It is from here that the whole uranium contamination, poisoning cycle takes a massive leap into the food chain spreading far and wide via crops, fruits, and animals. The grass growing here is highly radioactive and when animals graze it enters their bodies and contaminates the milk and meat.
In short, uranium enters every part of the ecosystem and continues to spread further and further via the rivers, fish, the vegetables and fruits grown there and thus what starts as a local mine affects a vast region within no time at all.
It was the legal, moral and ethical duty of UCIL to warn the locals about what was about to hit them. But that would obviously have not suited the government.
Ideally, the whole land which was acquired for mining, blasting, processing should have been out of bounds for people and the tailing ponds made in such a manner that there is no seepage into the ground. Warning boards put up to indicate high radiation and danger zones, limit the access to site only message workers and decontaminate all material worn and handled by the workers at the site itself. The processed ore be safely transported in well covered vehicles to the nearest railway yard for its thousand kilometer journey to NFC Hyderabad.
All this is not a utopian dream. It is common sense.
But then, I forgot that we are talking about the DAE and UCIL. Agencies for which only the ends matter - not the means to achieve these nefarious ends.
Here are the stark realities at Jaduguda and Narwapahar -
The river which runs past Jaduguda, is met by the murky outflow from the mine workings. Here, people wash vegetables, sow and bathe in this extremely poisonous water.
Nowhere in the region can one see warning boards. It is an open invitation to use the resources here and get poisoned.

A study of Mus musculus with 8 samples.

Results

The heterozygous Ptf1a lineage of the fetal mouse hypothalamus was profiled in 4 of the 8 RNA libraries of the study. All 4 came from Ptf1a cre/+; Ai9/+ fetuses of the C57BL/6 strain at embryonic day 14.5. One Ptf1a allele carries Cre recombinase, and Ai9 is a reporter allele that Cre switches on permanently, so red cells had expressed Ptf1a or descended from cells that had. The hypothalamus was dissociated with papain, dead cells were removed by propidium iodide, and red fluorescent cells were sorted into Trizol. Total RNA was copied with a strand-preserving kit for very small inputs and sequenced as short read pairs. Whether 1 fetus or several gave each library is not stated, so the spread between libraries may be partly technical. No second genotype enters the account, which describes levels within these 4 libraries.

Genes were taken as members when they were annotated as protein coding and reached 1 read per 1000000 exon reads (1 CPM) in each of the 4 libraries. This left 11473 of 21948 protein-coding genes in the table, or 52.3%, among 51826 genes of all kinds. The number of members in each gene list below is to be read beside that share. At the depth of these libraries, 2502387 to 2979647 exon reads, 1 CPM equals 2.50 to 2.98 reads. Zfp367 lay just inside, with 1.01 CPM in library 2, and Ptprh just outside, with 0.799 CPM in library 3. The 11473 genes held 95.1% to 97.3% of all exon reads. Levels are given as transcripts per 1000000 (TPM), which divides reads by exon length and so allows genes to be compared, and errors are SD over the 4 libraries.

Trucks which carry the processed material from the mines are open dumpers with just a piece of plastic thrown over the top - most often, even this is missing. The dumpers spill the material on the roads all the way from the mines to the rail yards. Radiation level meters (Geiger counters) frequently go berserk as the radiation count exceeds the maximum limit which can be displayed on these meters.
Scientists designing these counters probably never imagined that any civilian region would possibly have this amount of radiation.
School buildings have been made of stone which was extracted during blasting of the mines. Placing the radiation meters on their walls makes the counters beep furiously.
Probably military grade instrumentation with higher limits needs to be used in these "civilian" areas.
The transport from the mines to Hyderabad is another horror story. Look at the picture of this open topped dumper truck below. Often, not even a plastic sheet is thrown over it. The trucks spill the ore along the way on the road sides. The hazardous material is loaded casually on goods trains which carry this material along with rakes filled with edible items.